Geoff Burke-USA TODAY Sports
When Robert Griffin III hit the turf after taking a vicious hit to the front of his right knee, the entire Washington Redskins fanbase held its collective breath.
RGIII's MRI results helped it breathe again.
The Associated Press reported on Monday that RGIII suffered only a grade-one sprain of his lateral collateral ligament (LCL) and no other damage.
In other words, RGIII's LCL, or the ligament that connects the femur (thigh bone) and fibula (one of the bones of the lower leg) and also serves to coordinate their motion, was over-stretched.
Simply put, this is the best possible scenario that Redskins fans could have hoped for, as a grade-two strain (a partial tear) or grade-three strain (a complete tear) would have almost certainly sent RGIII to the sidelines for the rest of the season.
Erik Brady of USA Today Sports even reported on Monday that RGIII has not yet been ruled out for Week 15.
Nevertheless, even a grade-one strain can cause problems. The over-stretch of the ligament temporarily weakens the ligament until it heals, and a weakened ligament is prone to additional, more serious injury.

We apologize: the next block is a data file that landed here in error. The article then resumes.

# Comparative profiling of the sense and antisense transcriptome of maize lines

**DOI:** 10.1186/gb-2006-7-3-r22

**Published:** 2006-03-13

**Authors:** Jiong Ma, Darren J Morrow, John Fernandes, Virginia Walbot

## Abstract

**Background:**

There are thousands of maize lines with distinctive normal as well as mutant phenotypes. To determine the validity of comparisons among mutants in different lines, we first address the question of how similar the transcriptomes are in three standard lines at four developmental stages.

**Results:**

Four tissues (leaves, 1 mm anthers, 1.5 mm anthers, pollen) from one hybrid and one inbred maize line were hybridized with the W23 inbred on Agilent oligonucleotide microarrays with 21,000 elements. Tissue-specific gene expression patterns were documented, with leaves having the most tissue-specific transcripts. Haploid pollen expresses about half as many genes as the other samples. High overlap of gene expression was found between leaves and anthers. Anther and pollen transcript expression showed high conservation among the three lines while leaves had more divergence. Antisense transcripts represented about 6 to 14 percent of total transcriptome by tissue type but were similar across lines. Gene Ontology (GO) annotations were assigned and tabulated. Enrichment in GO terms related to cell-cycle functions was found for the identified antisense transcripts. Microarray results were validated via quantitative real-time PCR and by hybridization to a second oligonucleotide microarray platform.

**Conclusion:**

As mentioned, additional injury most likely would end RGIII's season, taking the Redskins' playoff chances with him.
The Redskins must handle the situation very carefully.
At 7-6, the Redskins are currently on the outside of the playoff picture looking in, despite their 31-28 victory over the Baltimore Ravens.
Clearly, they need wins.
However, they also need a healthy RGIII.
Dave Siebert is a medical/injury Featured Columnist for Bleacher Report and soon-to-be Family Medicine resident physician with plans to specialize in Primary Care (non-operative) Sports Medicine. The injury and anatomical information discussed is based on Dave's own clinical experience in the evaluation and management of sports injuries and concussions under the direct supervision of Sports Medicine physicians and concussion specialists.